Broadcast Date: 26 September 2011
Director: Alex Graves
Writer: Allan Loeb
Cast: Christine Adams, Shelley Conn, Rod Hallett, Mido Hamada, Stephen Lang, Landon Liboiron, Alana Mansour, Allison Miller, Jason O’Mara, and Naomi Scott
I don’t get people’s fascination with dinosaurs. I’ve slept through Jurassic Park (1993) three times in my life and have yet to see how the movie ends or, for that matter, what transpires past the first twenty minutes. As you can imagine, that makes me ill equipped to review Terra Nova, which tells of a time-traveling colony forging a new way of life among the giant lizards. Think of it as The Lost World meets Lost in Space with producers who have an irrational fondness for SeaQuest DSV.
“Genesis” begins with expository captions (never a good sign) stating what the episode spends its two-hour runtime explaining in a marginally more dynamic manner: humans have sucked the Earth dry, and their only hope lies 85 million years in the past. We’re then introduced to the Shannon family: Jim (Jason O’Mara), the heroic cop; Elisabeth (Shelley Conn), the strong-willed wife and doctor; Josh (Landon Liboiron), the Tyler from V; Maddy (Naomi Scott), the teen genius who recites fun facts the writers found while looking up “prehistoric” on Google; and Zoe (Alana Mansour), the cute little girl who’s always got everyone worried.
Terra Nova doesn’t waste time with that last cliché. In a subplot echoing current Chinese policies, the Shannons must hide Zoe because only two kids are allowed per family. The writers view the government as bullies, the kind to look for a child by smashing stuff on the ground, but those of us who didn’t grow up in Entitled, USA, understand that having two offspring instead of three is a small sacrifice to ensure resources for everyone. It doesn’t help that, once busted, Jim attacks the authorities instead of paying the fine, forcing Elisabeth to raise the money and three children on her own while he rots in jail.
The real kicker, though, is none of it matters because all sins are forgiven when our heroes reach Terra Nova two years later (or 84,999,998 years earlier, depending on how you look at it). Maybe the episode needed some padding. Maybe the show runners thought they’d found an exciting way to present their dystopian society, but did we need to see it at all? It seems to me things might have been more exciting, not to mention less expensive, if they’d let our imaginations run wild.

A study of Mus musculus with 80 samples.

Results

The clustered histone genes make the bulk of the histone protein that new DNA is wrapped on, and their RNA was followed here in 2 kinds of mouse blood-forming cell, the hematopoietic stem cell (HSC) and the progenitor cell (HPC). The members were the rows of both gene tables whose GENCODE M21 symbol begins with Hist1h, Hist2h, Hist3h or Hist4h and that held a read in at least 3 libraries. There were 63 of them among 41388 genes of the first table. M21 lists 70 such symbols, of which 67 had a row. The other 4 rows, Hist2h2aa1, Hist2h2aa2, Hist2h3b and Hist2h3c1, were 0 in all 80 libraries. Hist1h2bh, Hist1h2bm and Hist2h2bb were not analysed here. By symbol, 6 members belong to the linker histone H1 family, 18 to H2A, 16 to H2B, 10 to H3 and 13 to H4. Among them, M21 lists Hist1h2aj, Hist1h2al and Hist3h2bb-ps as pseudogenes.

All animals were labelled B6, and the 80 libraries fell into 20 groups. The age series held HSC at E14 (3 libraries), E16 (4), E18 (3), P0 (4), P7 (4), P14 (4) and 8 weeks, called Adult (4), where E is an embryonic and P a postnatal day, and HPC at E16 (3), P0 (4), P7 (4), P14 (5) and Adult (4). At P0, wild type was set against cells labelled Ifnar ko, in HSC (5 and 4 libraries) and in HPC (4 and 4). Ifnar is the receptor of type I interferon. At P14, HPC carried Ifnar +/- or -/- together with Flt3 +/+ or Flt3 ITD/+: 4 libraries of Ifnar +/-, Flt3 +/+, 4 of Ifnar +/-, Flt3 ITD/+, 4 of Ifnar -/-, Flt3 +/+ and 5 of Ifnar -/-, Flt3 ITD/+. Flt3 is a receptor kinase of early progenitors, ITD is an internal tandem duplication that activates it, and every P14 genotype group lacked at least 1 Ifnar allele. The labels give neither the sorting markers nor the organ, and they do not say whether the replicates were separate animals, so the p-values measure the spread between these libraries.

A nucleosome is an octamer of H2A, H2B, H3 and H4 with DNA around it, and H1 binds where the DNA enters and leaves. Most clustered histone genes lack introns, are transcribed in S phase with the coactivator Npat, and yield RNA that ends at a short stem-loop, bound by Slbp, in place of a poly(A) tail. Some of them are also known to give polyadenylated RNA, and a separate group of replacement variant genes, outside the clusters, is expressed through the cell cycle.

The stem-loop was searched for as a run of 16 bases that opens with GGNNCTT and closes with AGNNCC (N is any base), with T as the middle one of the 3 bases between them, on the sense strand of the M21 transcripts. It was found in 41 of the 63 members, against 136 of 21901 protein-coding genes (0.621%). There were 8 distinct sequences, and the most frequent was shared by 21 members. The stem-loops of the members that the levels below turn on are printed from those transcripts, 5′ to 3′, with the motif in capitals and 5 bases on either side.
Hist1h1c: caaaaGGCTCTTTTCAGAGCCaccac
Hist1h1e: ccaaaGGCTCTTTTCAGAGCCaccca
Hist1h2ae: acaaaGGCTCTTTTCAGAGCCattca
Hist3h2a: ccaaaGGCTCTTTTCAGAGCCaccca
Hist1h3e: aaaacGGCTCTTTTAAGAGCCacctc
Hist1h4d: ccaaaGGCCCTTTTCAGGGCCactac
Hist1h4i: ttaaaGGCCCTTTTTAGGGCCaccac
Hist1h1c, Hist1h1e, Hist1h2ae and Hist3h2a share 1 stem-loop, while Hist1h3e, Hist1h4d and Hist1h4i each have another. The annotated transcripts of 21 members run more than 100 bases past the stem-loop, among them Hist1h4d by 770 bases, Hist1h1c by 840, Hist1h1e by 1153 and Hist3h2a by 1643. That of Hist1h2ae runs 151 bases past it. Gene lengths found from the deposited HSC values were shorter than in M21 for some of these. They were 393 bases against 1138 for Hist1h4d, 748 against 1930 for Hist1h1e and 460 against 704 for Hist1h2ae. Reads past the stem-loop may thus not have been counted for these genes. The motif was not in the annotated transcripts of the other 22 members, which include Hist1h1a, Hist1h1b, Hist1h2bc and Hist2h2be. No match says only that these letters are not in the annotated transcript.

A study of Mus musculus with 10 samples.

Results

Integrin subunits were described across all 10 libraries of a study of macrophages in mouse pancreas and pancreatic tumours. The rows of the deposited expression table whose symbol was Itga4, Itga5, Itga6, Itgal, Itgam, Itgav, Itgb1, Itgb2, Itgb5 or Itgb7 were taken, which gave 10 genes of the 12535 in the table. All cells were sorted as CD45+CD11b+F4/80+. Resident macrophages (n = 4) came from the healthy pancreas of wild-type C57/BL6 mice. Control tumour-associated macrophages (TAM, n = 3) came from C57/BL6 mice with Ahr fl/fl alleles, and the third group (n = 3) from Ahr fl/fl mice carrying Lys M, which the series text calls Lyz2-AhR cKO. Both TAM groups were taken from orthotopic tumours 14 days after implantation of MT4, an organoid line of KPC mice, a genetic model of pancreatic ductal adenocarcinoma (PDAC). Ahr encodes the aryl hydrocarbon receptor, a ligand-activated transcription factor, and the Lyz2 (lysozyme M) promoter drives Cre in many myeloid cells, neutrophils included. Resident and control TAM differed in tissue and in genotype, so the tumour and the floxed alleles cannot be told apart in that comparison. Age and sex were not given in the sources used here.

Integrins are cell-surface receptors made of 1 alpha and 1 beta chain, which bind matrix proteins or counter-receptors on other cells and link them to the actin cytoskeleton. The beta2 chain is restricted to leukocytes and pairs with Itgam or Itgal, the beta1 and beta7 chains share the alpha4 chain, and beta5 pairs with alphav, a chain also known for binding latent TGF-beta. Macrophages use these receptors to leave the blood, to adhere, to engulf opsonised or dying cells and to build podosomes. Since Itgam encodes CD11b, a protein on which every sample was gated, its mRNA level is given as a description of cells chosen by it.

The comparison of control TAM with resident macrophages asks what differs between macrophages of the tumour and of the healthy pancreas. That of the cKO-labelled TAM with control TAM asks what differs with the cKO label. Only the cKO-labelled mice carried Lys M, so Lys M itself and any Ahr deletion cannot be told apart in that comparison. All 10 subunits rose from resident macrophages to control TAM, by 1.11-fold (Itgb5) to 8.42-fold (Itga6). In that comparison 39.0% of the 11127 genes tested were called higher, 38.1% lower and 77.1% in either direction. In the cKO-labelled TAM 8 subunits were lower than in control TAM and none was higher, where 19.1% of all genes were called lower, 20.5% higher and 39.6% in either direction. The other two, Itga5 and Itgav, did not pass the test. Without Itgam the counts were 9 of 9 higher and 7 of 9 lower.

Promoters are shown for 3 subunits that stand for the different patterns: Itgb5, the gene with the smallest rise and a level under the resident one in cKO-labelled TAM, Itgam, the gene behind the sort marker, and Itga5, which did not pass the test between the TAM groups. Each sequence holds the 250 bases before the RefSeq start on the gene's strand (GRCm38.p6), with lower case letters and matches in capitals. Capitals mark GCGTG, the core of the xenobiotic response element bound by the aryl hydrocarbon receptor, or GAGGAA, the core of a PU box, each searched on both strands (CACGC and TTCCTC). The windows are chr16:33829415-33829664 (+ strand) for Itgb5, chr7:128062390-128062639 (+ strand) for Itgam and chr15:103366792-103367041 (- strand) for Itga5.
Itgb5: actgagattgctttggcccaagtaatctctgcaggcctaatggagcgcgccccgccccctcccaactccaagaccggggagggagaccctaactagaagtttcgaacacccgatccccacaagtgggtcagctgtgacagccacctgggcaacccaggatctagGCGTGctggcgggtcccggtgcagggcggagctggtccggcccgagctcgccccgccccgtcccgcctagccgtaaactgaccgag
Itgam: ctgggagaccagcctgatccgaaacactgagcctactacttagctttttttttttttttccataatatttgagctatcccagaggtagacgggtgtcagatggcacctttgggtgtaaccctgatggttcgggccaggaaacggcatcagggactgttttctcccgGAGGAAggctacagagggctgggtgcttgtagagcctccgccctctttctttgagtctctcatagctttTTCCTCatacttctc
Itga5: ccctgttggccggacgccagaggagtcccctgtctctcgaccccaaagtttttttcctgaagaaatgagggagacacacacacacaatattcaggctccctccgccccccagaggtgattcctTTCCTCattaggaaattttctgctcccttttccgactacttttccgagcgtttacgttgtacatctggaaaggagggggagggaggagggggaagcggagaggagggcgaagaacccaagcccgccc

Then again, we might have assumed the future looks something akin to the series’ main location, the prehistoric campsite, which is to say like a nine-year-old giant’s deluxe play set complete with plastic monsters and a rugged action figure. Stephen Lang portrays Commander Nathaniel Taylor, the colony’s leader, with the subtlety of a Saturday morning cartoon character, and his perfectly chiselled beard proves so distracting I more or less forgot what else happens in the episode.
Let’s see. Taylor asks Jim to join his security team; Zoe feeds an omnivorous dinosaur; Maddy behaves like a dork in front of the boy she likes (Damian Walshe-Howling); and Dimitri contemplates the length of his toenails. Also, hotheaded Josh makes a new friend, Skye (Allison Miller), who pressures him into leaving the camp and gets a bunch of people killed when a pack of who-the-hell-cares catches their scent. Then Jim and Elisabeth both risk their lives to find the boy, leaving their two youngest to fend for themselves, should something go wrong. I hate them all.
In fairness, the second hour throws larger ideas into the mix, including a rebel settlement called the Sixters and a conspiracy regarding the true purpose of prehistoric colonisation. The writers also hint that they plan on delving deeper into the implications of time travel rather than treat it as a means to a Cretaceous end. However, if I have to wade through as much cornball behaviour and teenage brattiness every week to get to these bits of substance, I think I’ll pass on Terra Nova or maybe catch up on some sleep.